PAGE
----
ICC Canada President Duane Smith speaks during the 2010 ICC General Assembly in Nuuk, Greenland, against a background of flags representing the host country, as well as Canada, the United States and Russia.

by Terry Audla

Part of my role as President of ITK includes serving as National Vice-President of the Inuit Circumpolar Council (Canada). Just as Canada’s four regional Inuit organizations come together under the national umbrella of ITK, ICC Canada joins regional offices in Greenland, Alaska and the Chukotka district of Russia to form an international network of Inuit known simply as ICC.

This year, ICC Canada assumes the rotating chairmanship of the international body. By tradition, the host country names the ICC Chair, and so the presidents of our four land claims organizations, who form the voting membership of the ICC Canada board of directors, formally nominated Okalik Eegeesiak of Iqaluit to lead ICC for the next four years — through its 40th anniversary in 2017.

Eegeesiak assumes her post at the close of the ICC General Assembly in Inuvik in July. At the same time, ICC regional offices will appoint two representatives to the nine-member ICC executive council. ICC Canada’s next President and International Vice-President will be elected during ICC Canada’s annual general meeting, held just days before the General Assembly.

In the face of all this excitement and change, I am proud to lead the Canadian delegation to the 12th ICC General Assembly, whose theme, in Inuvialuktun, is Ukiuqtaqtumi Hivuniptingnun or One Arctic, One Future.

The four-day assembly will cover five wide-ranging topics: Economic Development, including a discussion on ICC’s breakthrough Circumpolar Inuit Declaration on Resource Development in Canada’s Arctic; Environment, including biodiversity, contaminants and traditional knowledge; Health and Well-Being, including children and youth, and the Inuit language; Hunting and Food Security, including management of wildlife resources and impediments to trade posed by animal rights groups; and Governance, including Arctic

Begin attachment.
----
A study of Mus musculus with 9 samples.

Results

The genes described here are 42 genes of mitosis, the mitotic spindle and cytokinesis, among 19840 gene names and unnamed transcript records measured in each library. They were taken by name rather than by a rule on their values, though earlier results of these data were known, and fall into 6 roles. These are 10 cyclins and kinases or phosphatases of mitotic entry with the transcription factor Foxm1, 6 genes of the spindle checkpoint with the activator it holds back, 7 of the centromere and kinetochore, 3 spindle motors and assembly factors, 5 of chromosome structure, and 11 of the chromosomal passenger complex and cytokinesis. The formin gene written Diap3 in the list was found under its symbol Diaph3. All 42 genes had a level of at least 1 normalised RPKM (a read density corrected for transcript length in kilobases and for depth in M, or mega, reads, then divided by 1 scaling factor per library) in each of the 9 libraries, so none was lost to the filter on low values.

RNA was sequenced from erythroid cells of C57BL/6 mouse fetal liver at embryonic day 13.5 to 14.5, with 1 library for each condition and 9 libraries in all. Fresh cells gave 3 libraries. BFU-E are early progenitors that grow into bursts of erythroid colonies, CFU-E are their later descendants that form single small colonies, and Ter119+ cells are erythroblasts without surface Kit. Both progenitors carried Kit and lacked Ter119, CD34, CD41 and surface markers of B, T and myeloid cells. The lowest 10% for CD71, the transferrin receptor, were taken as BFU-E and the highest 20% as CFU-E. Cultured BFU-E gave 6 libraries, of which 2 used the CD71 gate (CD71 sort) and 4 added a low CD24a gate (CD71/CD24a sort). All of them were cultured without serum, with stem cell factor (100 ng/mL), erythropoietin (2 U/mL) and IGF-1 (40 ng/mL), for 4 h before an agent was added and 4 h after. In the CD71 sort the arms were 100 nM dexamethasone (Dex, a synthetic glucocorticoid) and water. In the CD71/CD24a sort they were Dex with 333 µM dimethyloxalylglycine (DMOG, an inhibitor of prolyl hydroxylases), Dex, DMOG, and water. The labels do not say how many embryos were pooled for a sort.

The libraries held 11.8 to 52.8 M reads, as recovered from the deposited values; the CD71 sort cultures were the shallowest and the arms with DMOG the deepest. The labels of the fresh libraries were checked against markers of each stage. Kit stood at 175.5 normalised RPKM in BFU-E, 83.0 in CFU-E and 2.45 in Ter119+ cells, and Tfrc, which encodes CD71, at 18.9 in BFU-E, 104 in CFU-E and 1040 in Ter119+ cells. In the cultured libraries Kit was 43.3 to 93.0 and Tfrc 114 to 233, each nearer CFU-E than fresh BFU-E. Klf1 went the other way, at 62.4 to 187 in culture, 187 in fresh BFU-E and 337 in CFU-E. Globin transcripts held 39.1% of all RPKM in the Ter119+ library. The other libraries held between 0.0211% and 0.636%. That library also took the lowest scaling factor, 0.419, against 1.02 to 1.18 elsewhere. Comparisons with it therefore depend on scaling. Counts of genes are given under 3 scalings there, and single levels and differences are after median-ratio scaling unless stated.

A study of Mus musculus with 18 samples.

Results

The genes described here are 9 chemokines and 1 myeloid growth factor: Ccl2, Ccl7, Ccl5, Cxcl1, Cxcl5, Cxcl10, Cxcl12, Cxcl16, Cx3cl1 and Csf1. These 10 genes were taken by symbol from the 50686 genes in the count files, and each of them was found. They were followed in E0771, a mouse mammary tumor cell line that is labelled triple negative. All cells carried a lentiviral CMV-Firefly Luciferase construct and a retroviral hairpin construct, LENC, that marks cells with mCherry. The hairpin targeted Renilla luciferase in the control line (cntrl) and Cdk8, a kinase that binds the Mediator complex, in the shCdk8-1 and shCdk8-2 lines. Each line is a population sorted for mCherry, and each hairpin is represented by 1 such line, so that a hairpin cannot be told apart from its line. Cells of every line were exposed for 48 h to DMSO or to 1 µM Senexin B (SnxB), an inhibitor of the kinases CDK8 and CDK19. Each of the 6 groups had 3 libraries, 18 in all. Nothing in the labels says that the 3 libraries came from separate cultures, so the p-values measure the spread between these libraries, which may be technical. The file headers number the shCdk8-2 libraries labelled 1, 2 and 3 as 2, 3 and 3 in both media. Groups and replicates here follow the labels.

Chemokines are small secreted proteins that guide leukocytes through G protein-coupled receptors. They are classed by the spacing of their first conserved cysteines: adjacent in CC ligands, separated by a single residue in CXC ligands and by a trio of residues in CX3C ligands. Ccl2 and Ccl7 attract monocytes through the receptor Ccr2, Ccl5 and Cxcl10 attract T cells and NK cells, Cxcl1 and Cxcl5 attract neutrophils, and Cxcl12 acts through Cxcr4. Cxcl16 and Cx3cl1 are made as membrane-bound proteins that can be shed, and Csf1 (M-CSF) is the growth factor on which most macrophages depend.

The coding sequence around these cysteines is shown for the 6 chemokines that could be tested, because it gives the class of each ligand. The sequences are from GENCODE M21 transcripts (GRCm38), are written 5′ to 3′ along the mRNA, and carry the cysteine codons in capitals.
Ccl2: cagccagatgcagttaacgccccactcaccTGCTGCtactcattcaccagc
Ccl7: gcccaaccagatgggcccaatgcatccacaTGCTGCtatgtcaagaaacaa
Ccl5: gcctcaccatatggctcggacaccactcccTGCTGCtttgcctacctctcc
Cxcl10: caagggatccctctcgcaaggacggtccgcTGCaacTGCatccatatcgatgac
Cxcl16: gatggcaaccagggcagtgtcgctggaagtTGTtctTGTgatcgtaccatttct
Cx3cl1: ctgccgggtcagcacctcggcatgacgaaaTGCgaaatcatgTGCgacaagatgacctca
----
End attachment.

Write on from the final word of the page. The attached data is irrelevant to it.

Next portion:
Delegates will also review and adopt the Kittigaryuit Declaration, a set of guiding principles that will direct ICC’s work over the next four years. It will replace the Nuuk Declaration, which came into force during the 2010 General Assembly in Greenland.

The Nuuk Declaration mandated the organization to meaningfully engage children, youth and elders in the work of ICC, to promote circumpolar sharing of Inuit-specific media including television, radio and social media, and to begin an ICC archival initiative to aid transnational Inuit unity and cooperative Inuit policy making.

It’s important for Inuit to know the history of ICC, and its founder Eben Hopsen Sr., who decided in 1977 to invite his circumpolar cousins to his hometown of Barrow, Alaska, to discuss the looming prospect of offshore drilling.

ICC collaborated with the Saami Council and other indigenous groups to draft the United Nations Declaration on the Rights of Indigenous Peoples, lobbied for the creation of the UN Permanent Forum on Indigenous Issues, and helped draft the Stockholm Convention on the Elimination of Persistent Organic Pollutants. It has been a permanent participant in the Arctic Council since the Council was created in 1996.

ICC continues to be a leading voice for Inuit around the world, but perhaps most importantly, it allows us to truly connect with our fellow Inuit around the world and to celebrate our common culture and our common Arctic homeland.